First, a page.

Encompassed by charming islands, gargantuan mountains and cultural treasures, Philippines makes for a good choice for a getaway. Its capital Manila plays a perfect host to both expats and travellers.
Here's what you should not miss out on:
Take A Buggy Ride In Intramuros
Intramuros is a Latin word for ‘Inside the Walls’. A former military base of the Spaniards in Asia, during the period Philippines was colonised by Spain and used by the latter for their political and economic gains. It was also a social and residential area where the Spanish ruling classes lived, and went to school and church. Today, old quarters, cobbled streets, and elegant Spanish architecture help you to get a sense of the period from 1571-1898.
One way to see things are via horse-drawn carriage rides which cost 500 pesos only. While you are here, visit the Casa Manila Museum. For an entrance fee of 75 pesos, you get a glimpse of the lifestyle of wealthy Spaniards, and educated Filipino upper classes who could afford to live in places like this during the colonisation era. From stunning upholsteries to toilets, you will find them all here.
Next, check out the San Agustin Museum adjacent to the church that goes with the same name. San Agustin Church is the oldest surviving church in the Philippines (since the Manila Cathedral was bombed in WW2). It's pretty significant in its own right, boasting of collections of the Augustinian Order that built and manages the church. These include paintings that are more than 5 feet tall! You have to pay 200 pesos to enter the museum, and entry to their church is free, though they will not be open to the public during special occasions like weddings. However, if you pay for the museum, you will be able to access the church’s second floor balcony and watch the proceedings of the function.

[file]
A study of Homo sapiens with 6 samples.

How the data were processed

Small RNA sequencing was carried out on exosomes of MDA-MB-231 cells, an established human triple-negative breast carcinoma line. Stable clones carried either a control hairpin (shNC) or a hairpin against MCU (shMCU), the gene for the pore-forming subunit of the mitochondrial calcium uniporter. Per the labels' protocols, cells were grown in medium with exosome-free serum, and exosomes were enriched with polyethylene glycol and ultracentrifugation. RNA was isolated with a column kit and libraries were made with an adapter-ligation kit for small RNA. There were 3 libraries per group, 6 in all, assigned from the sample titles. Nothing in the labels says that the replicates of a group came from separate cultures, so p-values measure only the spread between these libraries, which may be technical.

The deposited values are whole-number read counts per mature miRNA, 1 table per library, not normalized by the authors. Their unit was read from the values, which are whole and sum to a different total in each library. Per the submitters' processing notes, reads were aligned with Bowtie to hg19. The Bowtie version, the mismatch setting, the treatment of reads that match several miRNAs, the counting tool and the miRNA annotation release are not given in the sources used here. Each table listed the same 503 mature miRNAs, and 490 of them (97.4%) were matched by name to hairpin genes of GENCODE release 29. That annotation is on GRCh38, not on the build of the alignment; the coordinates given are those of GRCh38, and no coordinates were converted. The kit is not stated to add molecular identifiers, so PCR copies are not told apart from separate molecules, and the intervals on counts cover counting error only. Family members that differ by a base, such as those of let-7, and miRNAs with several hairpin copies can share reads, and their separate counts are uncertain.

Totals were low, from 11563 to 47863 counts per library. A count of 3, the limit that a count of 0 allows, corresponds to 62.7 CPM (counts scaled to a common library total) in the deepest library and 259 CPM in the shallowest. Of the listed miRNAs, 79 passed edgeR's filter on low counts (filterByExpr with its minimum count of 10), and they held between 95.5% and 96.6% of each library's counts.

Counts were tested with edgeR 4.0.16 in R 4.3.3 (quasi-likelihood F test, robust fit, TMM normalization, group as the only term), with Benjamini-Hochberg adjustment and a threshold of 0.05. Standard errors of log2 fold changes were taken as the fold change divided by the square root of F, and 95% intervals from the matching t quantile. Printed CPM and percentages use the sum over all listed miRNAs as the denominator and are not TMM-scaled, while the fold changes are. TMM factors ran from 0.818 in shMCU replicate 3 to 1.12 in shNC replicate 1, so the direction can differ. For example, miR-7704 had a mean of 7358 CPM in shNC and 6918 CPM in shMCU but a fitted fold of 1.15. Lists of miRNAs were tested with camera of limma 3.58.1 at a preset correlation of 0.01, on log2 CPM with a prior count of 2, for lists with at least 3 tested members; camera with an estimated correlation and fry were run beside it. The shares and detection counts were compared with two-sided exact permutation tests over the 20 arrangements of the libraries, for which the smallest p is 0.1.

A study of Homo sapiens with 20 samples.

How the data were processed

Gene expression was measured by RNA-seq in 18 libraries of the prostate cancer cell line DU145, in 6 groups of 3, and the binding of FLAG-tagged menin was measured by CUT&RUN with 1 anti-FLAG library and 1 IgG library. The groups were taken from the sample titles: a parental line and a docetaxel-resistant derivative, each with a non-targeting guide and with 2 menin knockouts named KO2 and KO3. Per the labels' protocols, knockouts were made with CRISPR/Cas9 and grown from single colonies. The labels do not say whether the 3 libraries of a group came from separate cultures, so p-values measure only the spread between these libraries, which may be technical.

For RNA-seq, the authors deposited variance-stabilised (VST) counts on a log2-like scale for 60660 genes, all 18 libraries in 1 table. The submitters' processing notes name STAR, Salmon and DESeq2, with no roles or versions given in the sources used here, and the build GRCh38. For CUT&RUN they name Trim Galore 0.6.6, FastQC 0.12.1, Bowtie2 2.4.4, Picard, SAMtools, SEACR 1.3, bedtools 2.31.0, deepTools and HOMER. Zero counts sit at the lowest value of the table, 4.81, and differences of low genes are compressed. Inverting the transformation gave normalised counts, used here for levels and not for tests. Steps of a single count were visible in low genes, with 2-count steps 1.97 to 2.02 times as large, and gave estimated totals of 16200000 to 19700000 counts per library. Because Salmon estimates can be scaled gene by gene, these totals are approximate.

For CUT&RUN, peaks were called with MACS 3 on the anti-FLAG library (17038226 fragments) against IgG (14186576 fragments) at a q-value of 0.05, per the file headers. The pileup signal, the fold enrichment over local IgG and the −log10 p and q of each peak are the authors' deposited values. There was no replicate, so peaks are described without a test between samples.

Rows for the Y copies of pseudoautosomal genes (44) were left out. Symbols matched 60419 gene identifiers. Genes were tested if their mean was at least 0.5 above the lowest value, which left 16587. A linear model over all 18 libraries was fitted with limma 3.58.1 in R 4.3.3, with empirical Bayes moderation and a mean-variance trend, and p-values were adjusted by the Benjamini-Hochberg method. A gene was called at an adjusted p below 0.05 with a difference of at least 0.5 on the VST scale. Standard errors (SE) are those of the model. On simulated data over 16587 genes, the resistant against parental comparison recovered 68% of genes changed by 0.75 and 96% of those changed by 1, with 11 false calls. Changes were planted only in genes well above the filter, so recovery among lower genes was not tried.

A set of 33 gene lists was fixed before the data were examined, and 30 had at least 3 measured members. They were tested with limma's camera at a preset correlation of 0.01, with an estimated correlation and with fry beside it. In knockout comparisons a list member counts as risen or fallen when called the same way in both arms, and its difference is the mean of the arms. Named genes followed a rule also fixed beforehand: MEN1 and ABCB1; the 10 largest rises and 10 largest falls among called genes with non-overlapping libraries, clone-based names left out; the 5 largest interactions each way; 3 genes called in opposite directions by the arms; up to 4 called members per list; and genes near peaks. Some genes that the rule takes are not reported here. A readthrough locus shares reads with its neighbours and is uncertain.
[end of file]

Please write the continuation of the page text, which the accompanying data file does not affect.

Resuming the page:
Take a walk around Rizal Park. Jose Rizal, who inspired nationalism in the Filipino people through his writings and eventually paved the way for the Philippine Revolution, was laid to rest here. Visit the place where he was shot at and also read his farewell poem (which was hidden in a shoe so that the Spaniards could not find it). Entrance fee is 20 pesos.
Experience China In Binondo
Also known as Manila's Chinatown (the entrance arch displays this in bold letters), it is among the oldest Chinese settlements in the world. It was established in the year 1594 and it should be on your must-visit list whether or not you are visiting the Philippines during Chinese New Year.
Start your walking tour from the shrine of Manila’s first elected mayor Arsenio H. Lacson (before him, the city mayors were appointed). He was credited for running an efficient, transparent and clean administration in the city. An interesting monument is the Arch of Goodwill which symbolises the centuries-old friendly relations between China and the Philippines. Lucky Chinatown Mall is a recent addition in Binondo and you must visit it to know more about the culture pertaining to Chinese settlements in the Philippines. A Chinese traditional food tour experience from the restaurants along Chinatown's streets is the Ongpin area is highly recommended.
How To Get Around
Passengers on the roof, no arguments for seats in the vehicle, more-than-reasonable safety precautions, economical fares, stylish exteriors, and a comfortable ride to almost any area of the country. The jeepneys of Philippines are the favourite choice of swashbuckling adventurers and travellers. You only shell out a few pesos to ply in a jeepney between different areas in Manila, and in other parts of the country.
Food That Won't Bust Your Wallet
You haven't experienced Filipino culture if you haven't had balut. The fertilised duck embryo dish is a must-try local delicacy. You will either love the dish or be put off. Here's how to have it: Gently break the shell top to guzzle the soup and then feast on its embryo and yolk by adding your preferred seasoning. The average cost is 15 pesos at most street food shops. Streetfood shops in Manila also sell rice with assorted meats for prices ranging from 50 to 60 pesos.
The writer has also authored an e-book, The Philippines On $40 a Day.
This article is a submission by one of our readers, and part of our new series #OTReadersWrite.